Graveyards, rock paintings and those mysterious hills that dot the Swartland near Piketberg all feature in the curriculum which has been developed by the Living Landscape Project based in Clanwilliam.
The Living Landscape Project, initiated by Professor John Parkington from UCT's archaeology department, aims to reconnect people with the pre-colonial past by exposing them to the historical, archaeological and environmental heritage of the Cederberg area.
Its recent successes include training 20 young people from the Clanwilliam district in the areas of catering, crafting and guiding, as well as receiving school groups at a refurbished field school where they can learn to "read the landscape" through integrated-learning field trips.
Now the project has received a R650 000 boost from the National Lotteries to further develop the curriculum into work books for use in schools, as well as for the publication of more archaeological texts to support the project.
The curriculum already in use at the Clanwilliam field school develops a range of skills in children, from recognising visible patterns in the landscape and learning how to explain them, to reading and drawing maps of various scales to collecting and manipulating numerical information.
For instance, the curriculum developed around graveyards requires the learners to answer questions deriving information from what is recorded on gravestones.
Parkington explains: "Graves are very interesting to work with. They are clothed in questions about social history and contain dates, writing, numbers and symbols."
Learners, for instance, will be asked to work out whether women live longer than men, when most deaths occur (summer or winter) and to record the symbolism depicted on grave stones and how this has changed post-apartheid.
In another project, which Parkington says is his personal favourite, learners play detective, working out what lies behind the phenomenon of the "heuweltjies" (little hills) that dot the landscape of the Swartland. These hills, particularly visible around Piketberg, are found all the way up the West Coast, and are (in fact) fossilised termite mounds.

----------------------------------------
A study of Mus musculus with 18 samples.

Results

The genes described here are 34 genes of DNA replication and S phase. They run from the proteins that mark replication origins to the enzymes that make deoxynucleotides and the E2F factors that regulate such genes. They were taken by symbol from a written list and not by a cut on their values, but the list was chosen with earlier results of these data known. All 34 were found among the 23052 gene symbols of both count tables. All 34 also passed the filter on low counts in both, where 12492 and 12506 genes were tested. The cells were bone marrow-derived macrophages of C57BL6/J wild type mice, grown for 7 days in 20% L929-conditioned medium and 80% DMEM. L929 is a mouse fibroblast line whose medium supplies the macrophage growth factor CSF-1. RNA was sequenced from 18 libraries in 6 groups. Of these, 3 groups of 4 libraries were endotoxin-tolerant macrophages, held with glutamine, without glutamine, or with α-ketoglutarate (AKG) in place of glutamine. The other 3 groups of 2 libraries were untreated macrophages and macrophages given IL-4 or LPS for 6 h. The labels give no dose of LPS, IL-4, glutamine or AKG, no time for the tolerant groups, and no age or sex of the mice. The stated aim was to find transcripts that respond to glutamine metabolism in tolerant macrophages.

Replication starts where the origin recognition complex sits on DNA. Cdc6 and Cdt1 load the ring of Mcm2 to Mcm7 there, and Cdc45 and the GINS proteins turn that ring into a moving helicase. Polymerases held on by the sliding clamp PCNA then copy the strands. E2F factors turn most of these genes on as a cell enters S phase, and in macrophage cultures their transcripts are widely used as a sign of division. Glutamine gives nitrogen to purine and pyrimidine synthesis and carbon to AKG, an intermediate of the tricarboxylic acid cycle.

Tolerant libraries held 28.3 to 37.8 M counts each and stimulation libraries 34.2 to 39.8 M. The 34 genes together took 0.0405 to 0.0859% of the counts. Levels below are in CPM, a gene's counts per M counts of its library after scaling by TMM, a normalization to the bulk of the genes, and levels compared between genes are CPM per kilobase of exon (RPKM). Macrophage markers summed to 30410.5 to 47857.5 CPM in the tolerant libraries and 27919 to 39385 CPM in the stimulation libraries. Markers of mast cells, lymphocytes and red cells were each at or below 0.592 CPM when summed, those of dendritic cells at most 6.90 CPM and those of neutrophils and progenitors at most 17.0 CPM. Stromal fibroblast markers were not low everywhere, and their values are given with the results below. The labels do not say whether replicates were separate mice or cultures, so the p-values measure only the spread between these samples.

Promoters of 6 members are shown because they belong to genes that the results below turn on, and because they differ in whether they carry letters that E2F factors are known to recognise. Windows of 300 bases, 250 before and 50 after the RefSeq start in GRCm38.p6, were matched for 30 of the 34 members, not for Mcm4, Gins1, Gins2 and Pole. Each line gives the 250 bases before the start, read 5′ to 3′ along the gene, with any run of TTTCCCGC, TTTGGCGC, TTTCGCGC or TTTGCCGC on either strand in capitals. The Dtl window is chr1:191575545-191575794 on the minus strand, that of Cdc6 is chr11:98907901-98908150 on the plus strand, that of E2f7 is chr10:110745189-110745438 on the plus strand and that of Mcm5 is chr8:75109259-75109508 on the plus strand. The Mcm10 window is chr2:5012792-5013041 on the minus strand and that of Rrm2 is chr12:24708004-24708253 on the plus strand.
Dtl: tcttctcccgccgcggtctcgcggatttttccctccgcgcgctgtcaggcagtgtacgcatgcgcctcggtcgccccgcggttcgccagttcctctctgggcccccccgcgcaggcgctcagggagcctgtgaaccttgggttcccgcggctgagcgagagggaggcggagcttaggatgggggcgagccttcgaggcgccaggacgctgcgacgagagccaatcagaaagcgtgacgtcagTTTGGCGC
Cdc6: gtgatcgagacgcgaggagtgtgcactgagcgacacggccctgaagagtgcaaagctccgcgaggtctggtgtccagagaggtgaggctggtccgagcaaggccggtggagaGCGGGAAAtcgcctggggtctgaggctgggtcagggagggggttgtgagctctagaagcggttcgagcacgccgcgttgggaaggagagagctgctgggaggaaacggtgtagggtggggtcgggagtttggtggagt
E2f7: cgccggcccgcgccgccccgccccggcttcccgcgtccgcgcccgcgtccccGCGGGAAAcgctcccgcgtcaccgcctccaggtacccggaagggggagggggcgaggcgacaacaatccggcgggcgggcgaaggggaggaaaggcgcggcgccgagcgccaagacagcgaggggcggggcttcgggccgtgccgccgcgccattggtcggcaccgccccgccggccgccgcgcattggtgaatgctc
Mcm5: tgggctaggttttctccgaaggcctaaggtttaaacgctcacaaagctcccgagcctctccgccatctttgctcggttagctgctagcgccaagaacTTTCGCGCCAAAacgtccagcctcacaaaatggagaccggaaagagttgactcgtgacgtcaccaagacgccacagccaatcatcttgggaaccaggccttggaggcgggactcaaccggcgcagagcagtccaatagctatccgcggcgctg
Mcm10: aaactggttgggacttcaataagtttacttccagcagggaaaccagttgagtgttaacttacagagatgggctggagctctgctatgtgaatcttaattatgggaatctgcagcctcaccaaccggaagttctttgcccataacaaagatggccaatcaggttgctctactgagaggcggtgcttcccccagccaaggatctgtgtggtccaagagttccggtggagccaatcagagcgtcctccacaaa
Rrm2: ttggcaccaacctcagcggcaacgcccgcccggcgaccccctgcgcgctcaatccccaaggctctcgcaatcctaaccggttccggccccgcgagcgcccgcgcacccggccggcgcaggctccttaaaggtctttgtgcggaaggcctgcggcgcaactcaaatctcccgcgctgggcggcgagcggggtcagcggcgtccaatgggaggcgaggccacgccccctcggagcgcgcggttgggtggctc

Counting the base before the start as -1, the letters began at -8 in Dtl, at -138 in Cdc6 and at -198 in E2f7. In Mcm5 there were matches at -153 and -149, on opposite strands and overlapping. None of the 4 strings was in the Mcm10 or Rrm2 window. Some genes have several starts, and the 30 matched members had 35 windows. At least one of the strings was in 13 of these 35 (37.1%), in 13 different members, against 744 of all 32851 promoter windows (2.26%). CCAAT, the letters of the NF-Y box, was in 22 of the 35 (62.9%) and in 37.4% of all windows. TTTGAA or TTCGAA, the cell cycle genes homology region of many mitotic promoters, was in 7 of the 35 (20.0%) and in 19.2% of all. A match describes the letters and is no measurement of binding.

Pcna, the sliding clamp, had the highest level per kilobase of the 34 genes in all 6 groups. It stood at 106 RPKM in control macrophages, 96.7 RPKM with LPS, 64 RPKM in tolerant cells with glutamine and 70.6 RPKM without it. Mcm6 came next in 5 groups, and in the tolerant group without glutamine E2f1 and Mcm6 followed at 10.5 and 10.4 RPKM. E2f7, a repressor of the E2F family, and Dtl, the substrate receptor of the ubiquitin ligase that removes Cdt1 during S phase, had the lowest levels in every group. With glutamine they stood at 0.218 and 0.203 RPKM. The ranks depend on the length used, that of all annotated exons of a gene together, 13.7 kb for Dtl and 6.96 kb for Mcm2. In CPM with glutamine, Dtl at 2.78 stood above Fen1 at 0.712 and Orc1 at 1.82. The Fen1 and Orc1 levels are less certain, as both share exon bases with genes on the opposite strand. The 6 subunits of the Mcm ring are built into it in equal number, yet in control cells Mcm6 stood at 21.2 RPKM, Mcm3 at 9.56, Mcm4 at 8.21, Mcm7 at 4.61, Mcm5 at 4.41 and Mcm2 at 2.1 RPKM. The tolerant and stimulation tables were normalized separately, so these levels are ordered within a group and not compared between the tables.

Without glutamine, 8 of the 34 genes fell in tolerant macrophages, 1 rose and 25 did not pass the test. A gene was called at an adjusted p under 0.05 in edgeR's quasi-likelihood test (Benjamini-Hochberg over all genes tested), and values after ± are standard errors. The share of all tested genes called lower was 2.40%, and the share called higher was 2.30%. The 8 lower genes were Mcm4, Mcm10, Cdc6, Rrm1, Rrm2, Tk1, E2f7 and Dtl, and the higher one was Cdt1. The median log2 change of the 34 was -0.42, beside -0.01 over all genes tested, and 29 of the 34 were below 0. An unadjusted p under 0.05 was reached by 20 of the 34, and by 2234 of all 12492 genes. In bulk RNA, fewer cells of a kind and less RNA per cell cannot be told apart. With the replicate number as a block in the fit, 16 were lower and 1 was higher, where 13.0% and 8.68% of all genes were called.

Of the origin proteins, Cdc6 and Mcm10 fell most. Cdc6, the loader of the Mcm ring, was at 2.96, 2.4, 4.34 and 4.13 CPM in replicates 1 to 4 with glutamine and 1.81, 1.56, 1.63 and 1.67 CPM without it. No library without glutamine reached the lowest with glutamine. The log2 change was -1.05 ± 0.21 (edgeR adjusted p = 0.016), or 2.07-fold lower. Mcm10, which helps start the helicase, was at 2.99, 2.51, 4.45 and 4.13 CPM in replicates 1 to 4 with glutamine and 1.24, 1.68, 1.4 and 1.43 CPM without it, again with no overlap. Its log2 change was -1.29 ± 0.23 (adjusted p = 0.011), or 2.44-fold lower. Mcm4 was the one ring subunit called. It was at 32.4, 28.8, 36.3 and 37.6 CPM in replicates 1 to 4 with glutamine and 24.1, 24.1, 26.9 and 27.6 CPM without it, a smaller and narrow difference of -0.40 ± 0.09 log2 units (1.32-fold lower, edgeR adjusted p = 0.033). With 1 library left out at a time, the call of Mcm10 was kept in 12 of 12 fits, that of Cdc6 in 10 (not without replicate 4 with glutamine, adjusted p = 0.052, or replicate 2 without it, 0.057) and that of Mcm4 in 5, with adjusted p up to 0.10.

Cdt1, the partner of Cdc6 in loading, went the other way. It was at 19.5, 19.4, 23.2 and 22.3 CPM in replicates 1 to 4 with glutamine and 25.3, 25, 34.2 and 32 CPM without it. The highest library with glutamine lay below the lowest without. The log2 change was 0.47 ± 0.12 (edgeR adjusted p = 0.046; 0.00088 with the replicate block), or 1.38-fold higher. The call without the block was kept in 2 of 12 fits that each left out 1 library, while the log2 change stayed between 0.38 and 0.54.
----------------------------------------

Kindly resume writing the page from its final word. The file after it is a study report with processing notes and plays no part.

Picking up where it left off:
By using GPS, measuring distances between the hills and recording the plant life that grows on and around them, the learners are encouraged to come up with possible solutions to how they came into being.
The fresh injection of money from the Lotto will now create the opportunity for this work to be made more widely available in schools, with the ultimate intention of producing workbooks for teachers. The other half of the money will be used to publish more archaeological books to sustain the Living Landscape Project through their sale.
They will follow the San series which already includes The Mantis, the Eland and the Hunter, and Cederberg Rock Paintings.
This project is just one of many exciting ideas and proposals in the pipeline. Parkington hints at the prospect of building a "time machine", the consolidation of the rock art sites into an open-air park, and the creation of a sculpture garden in what was once a no-man's land between the white and coloured parts of Clanwilliam.